Six months ago, the Shanghai Containerized Freight Index of spot shipping rates was at 1,022. As of Friday, it was close to 3,000. On the latest episode of the “Odd Lots” podcast, we spoke with economist and historian Marc Levinson, the author of “The Box,” a book on the container-shipping revolution. We talked about what’s behind the skyrocketing prices and learned that a key dynamic at play is, even though the U.S. is importing a ton of goods from China, there’s very little flow happening in the opposite direction.Here’s a few key comments, lightly edited, from the discussion:
I wouldn’t say necessarily that it’s bad for the overall global economy, but it’s really bad for the ship lines for sure. These mega ships have generally fouled up the transportation system. You actually have fewer ships calling at most ports today than you used to have. They’re much bigger. And so think of what this does to the operation of the port. You don’t have a smooth flow of cargo going through the port. Now you’ve got nothing happening in the port. It’s dead today. And then tomorrow, a ship shows up and it wants to unload 3,000 containers in your port. What do you do with this? How do you get it unloaded? Where do you put the containers? One thing that’s happened is that ships spend more time in port, which is very wasteful because it just takes more time to get so many containers on and off. The trucks are lined up at the gate because there’s so many containers to bring into, send out on these ships or so many containers to deliver. The railroads can’t handle this sudden flood of containers. So you have the cargo sitting around longer before it gets removed from the port. All of these things have tended to make transit times longer and have made it harder for shippers to get their freight where it’s supposed to be on deadline. And that’s bad for everybody.
Meanwhile, the industry is much more consolidated and tightly controlled by a few key players versus where it was over a decade ago, at the height of global trade:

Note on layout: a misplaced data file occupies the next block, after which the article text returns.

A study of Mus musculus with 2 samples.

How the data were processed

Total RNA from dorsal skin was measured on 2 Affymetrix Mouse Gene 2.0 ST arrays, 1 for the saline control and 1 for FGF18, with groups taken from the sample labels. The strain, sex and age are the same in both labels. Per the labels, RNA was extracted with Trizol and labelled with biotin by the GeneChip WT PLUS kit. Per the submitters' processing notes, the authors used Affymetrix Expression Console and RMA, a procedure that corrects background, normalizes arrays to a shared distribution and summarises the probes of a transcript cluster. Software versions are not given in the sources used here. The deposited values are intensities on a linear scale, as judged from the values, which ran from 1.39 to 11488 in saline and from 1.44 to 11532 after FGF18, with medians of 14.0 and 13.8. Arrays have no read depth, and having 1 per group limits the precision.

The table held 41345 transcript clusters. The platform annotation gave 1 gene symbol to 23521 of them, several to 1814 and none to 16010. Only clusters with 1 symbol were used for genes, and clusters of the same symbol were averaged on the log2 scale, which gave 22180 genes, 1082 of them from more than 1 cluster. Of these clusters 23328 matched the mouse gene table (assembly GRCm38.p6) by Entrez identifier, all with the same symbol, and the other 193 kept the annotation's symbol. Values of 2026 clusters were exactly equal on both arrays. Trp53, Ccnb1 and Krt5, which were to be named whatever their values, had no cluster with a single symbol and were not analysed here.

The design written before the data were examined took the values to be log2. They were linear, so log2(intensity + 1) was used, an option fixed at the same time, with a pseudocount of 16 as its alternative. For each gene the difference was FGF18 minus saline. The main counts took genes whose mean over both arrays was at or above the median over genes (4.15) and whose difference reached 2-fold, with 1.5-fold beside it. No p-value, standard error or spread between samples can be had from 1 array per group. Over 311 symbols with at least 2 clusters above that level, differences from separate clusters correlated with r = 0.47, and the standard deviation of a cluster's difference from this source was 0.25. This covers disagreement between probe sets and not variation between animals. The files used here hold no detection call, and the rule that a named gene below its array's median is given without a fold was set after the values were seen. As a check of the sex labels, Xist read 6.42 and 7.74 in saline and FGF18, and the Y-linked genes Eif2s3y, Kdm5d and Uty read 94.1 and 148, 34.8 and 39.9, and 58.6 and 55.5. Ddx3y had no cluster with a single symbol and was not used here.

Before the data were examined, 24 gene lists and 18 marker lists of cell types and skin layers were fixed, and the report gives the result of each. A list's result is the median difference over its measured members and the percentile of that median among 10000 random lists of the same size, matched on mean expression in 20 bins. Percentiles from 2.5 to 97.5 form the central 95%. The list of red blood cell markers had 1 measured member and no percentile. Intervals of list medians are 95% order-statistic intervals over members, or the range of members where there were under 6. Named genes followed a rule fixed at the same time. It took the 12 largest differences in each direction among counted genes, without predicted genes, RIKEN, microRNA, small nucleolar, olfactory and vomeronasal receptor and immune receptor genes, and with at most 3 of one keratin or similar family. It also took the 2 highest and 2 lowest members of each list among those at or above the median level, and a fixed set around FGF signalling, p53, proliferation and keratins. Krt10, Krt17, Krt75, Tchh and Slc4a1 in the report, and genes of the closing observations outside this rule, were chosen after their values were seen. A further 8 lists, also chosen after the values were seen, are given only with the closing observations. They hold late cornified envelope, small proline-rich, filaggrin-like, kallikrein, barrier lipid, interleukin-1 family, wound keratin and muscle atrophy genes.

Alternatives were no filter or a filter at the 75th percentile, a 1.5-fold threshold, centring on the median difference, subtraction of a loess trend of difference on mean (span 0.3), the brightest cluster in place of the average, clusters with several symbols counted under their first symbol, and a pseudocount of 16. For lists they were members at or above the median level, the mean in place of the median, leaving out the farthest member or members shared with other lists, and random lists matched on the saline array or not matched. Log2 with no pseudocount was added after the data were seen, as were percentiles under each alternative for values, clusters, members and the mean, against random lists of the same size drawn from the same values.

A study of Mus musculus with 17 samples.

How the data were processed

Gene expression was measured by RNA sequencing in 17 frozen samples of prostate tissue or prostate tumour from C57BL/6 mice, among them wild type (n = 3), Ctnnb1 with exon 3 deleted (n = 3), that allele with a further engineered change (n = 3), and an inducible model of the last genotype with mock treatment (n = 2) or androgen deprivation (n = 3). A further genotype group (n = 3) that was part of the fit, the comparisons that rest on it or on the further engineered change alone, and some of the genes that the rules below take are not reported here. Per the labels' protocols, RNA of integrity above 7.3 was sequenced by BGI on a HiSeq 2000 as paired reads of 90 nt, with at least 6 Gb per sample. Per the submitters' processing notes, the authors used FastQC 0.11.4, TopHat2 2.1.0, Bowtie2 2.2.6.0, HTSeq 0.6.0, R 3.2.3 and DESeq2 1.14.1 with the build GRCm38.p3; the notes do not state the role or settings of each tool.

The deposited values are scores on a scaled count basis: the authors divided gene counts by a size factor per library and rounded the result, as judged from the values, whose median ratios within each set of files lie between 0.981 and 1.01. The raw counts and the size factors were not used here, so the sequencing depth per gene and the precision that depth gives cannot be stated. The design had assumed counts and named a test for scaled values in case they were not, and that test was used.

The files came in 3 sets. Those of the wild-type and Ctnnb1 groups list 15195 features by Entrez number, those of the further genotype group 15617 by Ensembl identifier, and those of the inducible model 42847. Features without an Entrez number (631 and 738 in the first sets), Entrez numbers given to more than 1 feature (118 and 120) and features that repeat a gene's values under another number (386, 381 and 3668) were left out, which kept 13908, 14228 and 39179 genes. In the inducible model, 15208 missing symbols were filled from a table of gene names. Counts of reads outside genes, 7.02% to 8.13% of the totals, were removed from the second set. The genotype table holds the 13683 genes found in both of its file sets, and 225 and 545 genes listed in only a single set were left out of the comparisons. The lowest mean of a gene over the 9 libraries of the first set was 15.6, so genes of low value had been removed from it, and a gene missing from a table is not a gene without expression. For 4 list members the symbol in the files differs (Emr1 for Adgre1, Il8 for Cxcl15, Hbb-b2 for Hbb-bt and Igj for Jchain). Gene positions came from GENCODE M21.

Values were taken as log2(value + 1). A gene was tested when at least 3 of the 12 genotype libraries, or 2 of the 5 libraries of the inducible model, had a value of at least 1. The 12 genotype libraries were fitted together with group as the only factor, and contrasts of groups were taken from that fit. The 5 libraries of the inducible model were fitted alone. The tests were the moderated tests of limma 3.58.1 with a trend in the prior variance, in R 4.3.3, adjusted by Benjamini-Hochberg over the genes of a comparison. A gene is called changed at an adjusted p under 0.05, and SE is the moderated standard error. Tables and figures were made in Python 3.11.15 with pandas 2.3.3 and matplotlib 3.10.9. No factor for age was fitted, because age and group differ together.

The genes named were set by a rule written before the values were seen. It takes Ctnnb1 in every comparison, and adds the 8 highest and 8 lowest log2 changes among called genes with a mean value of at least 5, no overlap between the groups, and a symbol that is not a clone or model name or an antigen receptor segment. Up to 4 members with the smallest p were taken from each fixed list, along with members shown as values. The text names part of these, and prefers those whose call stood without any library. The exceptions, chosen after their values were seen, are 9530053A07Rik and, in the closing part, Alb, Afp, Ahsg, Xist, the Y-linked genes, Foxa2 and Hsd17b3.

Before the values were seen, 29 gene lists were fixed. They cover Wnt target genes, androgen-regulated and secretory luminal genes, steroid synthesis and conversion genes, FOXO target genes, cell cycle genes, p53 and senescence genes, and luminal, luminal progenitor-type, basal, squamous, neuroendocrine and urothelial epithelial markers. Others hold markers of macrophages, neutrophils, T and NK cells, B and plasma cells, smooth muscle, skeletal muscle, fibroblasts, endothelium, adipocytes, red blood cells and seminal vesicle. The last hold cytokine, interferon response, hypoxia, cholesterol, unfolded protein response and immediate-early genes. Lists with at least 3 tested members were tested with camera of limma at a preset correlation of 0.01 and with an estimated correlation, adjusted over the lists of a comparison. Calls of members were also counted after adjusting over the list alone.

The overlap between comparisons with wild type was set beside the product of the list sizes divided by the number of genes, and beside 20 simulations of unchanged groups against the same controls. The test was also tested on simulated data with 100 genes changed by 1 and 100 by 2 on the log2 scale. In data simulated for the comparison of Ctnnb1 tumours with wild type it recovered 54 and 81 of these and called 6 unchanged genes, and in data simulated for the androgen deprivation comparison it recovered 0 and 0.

The big players, have formed what are called alliances. So these alliances have kind of squeezed most of the smaller players out of the business. One alliance involves Maersk, the Danish company, and Mediterranean Shipping, which is based in Switzerland, and between them, those two companies have a little bit over a third of all of the container shipping in the world. There’s another alliance that has Cosco, the China ocean shipping company, the French company CMA CGM, and Evergreen -- a Taiwanese company. And it has about 30% of the world’s shipping. And then there’s another alliance that has the German company Hapag-Lloyd, and the Japanese lines and Korean line. And it has about 20%. So if you put those three alliances together, their market share in container shipping is close to 85%. Will those alliances stay together? At the moment, the system looks pretty stable. You can imagine that at some point, the government will step in and say, you guys can no longer have this alliance. It’s anticompetitive, but so far that hasn’t happened.
Even before things started to deteriorate globally and before the pandemic, the largest shipping-companies made what has turned out to be a strategic misstep -- switching to giant tankers, which haven’t proved to be as efficient as expected:
The slump in the growth of trade wasn’t really the only factor here. Ship lines, like companies in many other industries, have relentlessly pursued economies of scale, bigger was better. And it was true when you could build a ship that could carry 3,000 containers instead of 2,000 containers, the costs per container dropped a lot. And when you could build a ship that could carry 10, rather than five, the cost per container was much lower. So ship lines were aggressively pursuing economies of scale. What they didn’t count on was that at some point, the vessels would get so big that diseconomies of scale would set in. And that’s when you started to have this confusion in the ports. That’s when you start to have these delays in shipping, that’s when you start to have the entire industry become less reliable. And the diminished reliability is one of the things that is leading manufacturers and retailers to have a new sourcing pattern, to make their products in different places and to have redundant value chains. Size is never everything. And many of the ship lines mistakenly thought that it was.
For the full discussion, listen to the audio here.